This was another movie I meant to see in theatres when it was out last year. However, despite being a hit at Sundance '08, this film was not such a hit in Summer '08 and it disappeared before I got the chance. So I popped it in last night and, though I wasn't crazy about it at first, this one really grew on me. By the end, this nostalgic story, with a solid and sweet central performance from Josh Peck, had thoroughly won me over.
At first glance, "The Wackness" seems to be your standard coming-of-age story about an 18 year old in NYC. What sets it apart, though, is that it's set in the summer of 1994 and the teenager in question has a thriving summer job as a pot dealer. At first, Peck's character comes off a little too depressed (i.e. flat). But as the movie ambles along at a stoner's pace, he slowly comes to life, as does the movie in general.
At first, I also had some trouble getting over the film's severe stylization, which was a little too hazy and sepia-toned for me. I don't remember the mid-90s being devoid of color...in fact it was sorta the opposite, right? But the script was really sharp and kept me interested. From the opening scene, where Peck is trading pot for therapy from the brilliant Ben Kingsley, I knew this movie had some potential. I mean, when you've got Gandhi doing bong hits, how can you lose? But more than that, Kingsley creates such a total fuck-up of a guy that you can't help care about him as he becomes a surrogate father to the lost, lonely Peck.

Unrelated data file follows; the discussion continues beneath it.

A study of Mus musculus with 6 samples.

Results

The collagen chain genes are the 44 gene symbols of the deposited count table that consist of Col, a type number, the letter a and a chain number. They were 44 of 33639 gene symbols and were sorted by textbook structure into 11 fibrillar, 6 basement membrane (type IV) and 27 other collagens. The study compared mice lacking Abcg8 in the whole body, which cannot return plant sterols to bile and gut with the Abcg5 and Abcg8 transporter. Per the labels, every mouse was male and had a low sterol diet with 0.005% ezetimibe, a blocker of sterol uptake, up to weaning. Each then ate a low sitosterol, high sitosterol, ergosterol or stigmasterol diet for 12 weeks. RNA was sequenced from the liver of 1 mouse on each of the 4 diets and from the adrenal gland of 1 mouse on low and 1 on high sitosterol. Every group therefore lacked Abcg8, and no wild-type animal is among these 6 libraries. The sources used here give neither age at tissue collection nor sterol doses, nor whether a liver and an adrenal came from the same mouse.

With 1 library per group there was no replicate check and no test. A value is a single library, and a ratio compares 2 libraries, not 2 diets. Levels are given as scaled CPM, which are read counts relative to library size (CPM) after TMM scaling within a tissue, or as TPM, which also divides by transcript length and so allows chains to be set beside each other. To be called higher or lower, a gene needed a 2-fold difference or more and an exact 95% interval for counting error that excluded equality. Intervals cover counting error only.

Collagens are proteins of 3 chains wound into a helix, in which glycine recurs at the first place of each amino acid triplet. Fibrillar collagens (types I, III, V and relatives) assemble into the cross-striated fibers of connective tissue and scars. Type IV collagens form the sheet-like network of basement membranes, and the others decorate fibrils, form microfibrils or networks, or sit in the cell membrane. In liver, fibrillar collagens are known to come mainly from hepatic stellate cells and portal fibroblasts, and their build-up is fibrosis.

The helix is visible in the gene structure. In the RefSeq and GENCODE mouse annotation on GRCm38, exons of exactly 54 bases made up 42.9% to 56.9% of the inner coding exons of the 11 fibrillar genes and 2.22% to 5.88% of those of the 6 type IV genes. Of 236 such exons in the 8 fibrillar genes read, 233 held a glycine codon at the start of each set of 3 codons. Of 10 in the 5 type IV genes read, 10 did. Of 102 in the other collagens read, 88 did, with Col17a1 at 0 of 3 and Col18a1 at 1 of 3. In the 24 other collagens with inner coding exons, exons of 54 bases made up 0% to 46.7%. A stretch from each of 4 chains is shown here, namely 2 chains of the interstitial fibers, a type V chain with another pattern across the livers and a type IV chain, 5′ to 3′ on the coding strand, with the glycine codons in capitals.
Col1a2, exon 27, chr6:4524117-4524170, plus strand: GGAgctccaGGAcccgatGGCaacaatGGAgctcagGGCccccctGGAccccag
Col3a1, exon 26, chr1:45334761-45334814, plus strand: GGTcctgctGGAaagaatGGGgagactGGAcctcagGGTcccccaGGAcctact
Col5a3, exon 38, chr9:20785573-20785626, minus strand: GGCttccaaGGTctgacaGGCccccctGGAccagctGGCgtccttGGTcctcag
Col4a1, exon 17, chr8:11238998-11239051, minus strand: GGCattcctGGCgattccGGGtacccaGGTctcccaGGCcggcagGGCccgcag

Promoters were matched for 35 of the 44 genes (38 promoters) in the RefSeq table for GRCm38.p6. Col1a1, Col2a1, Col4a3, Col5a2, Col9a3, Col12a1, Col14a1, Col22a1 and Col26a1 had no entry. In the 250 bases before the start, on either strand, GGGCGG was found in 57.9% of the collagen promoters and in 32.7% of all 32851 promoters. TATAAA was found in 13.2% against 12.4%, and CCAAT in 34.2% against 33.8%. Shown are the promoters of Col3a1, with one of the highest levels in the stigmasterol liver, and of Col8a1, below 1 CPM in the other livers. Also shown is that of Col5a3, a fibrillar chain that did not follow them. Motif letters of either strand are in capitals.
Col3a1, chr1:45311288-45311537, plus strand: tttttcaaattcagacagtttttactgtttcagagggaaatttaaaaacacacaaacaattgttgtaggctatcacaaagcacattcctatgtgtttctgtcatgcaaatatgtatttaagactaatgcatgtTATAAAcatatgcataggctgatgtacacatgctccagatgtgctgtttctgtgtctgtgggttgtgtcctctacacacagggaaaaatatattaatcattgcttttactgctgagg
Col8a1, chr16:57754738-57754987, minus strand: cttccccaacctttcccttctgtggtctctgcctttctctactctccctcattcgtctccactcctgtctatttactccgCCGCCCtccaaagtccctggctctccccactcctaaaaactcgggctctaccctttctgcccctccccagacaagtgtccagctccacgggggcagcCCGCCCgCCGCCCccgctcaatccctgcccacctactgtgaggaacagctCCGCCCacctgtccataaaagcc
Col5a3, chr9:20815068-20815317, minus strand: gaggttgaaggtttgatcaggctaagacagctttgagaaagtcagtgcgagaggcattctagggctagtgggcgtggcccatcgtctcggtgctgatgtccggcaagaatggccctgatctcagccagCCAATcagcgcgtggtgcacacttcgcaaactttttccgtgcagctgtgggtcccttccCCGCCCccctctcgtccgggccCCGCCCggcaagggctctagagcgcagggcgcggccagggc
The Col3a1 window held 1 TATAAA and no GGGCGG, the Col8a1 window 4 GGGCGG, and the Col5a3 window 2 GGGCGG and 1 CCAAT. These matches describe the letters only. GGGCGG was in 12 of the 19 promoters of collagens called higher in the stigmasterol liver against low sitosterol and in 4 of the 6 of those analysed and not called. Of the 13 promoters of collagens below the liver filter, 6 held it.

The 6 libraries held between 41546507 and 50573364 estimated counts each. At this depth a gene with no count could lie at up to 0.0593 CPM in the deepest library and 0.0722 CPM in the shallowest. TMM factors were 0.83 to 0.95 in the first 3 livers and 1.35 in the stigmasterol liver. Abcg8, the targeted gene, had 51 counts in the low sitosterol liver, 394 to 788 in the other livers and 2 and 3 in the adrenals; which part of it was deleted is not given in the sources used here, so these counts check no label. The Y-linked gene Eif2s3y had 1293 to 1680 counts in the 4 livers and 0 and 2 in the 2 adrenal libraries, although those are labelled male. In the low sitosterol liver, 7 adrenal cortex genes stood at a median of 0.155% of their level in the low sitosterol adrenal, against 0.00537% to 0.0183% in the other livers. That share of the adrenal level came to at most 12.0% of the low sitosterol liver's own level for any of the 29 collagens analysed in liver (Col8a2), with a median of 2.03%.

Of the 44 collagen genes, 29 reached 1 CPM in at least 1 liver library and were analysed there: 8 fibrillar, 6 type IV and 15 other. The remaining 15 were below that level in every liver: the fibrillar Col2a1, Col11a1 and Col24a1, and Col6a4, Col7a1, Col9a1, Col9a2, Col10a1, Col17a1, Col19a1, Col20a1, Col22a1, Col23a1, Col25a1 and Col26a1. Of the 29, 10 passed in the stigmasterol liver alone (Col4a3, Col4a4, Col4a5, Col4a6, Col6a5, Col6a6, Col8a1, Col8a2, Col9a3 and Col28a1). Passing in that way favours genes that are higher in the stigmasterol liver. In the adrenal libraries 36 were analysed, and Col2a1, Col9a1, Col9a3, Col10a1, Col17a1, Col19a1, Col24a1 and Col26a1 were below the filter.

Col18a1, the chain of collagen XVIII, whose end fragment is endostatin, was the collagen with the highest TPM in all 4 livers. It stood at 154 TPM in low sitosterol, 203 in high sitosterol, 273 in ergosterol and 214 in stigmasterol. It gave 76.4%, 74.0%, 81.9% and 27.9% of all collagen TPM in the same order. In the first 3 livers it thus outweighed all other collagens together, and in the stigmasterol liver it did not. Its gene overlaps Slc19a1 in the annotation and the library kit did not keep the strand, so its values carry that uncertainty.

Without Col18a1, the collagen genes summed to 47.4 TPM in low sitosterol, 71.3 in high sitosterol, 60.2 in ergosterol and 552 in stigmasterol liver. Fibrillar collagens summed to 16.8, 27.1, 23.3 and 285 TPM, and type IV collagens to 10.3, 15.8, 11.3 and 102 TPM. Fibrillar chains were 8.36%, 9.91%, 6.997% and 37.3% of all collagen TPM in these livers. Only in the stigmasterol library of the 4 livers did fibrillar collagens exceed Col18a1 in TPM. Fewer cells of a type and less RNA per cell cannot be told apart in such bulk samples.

First time writer director Jonathan Levine has created some truly unique and memorable characters here which you really start to care about as the film makes it's way through a long, sexy summer. And sure, there's the prerequisite first love and first sex (at the beach even!) but all are dealt with in such a fresh way that to say more would be to spoil the lovely little surprises of this intimate and ultimately charming film.
Another thing I loved about "The Wackness" is its title. It's one of those titles that make you go, whaaaa, until you see the movie and it is all explained about halfway through in a way that then makes perfect sense. My fondness for this sort of titling might come from the fact that I pulled the same trick on my last feature, "WTC View". People are always a bit confused by that title until a crucial scene in which all is revealed.
Anyway, I would throw this one in your queue if like a good coming of age story with a dash of 90's nostalgia. Oh--and on the special features, don't miss the dead-on spoof of a 90's cable access TV show called THE DOPE SHOW. What can I say other than it was dope...and the bomb....and the bum diggity. Word.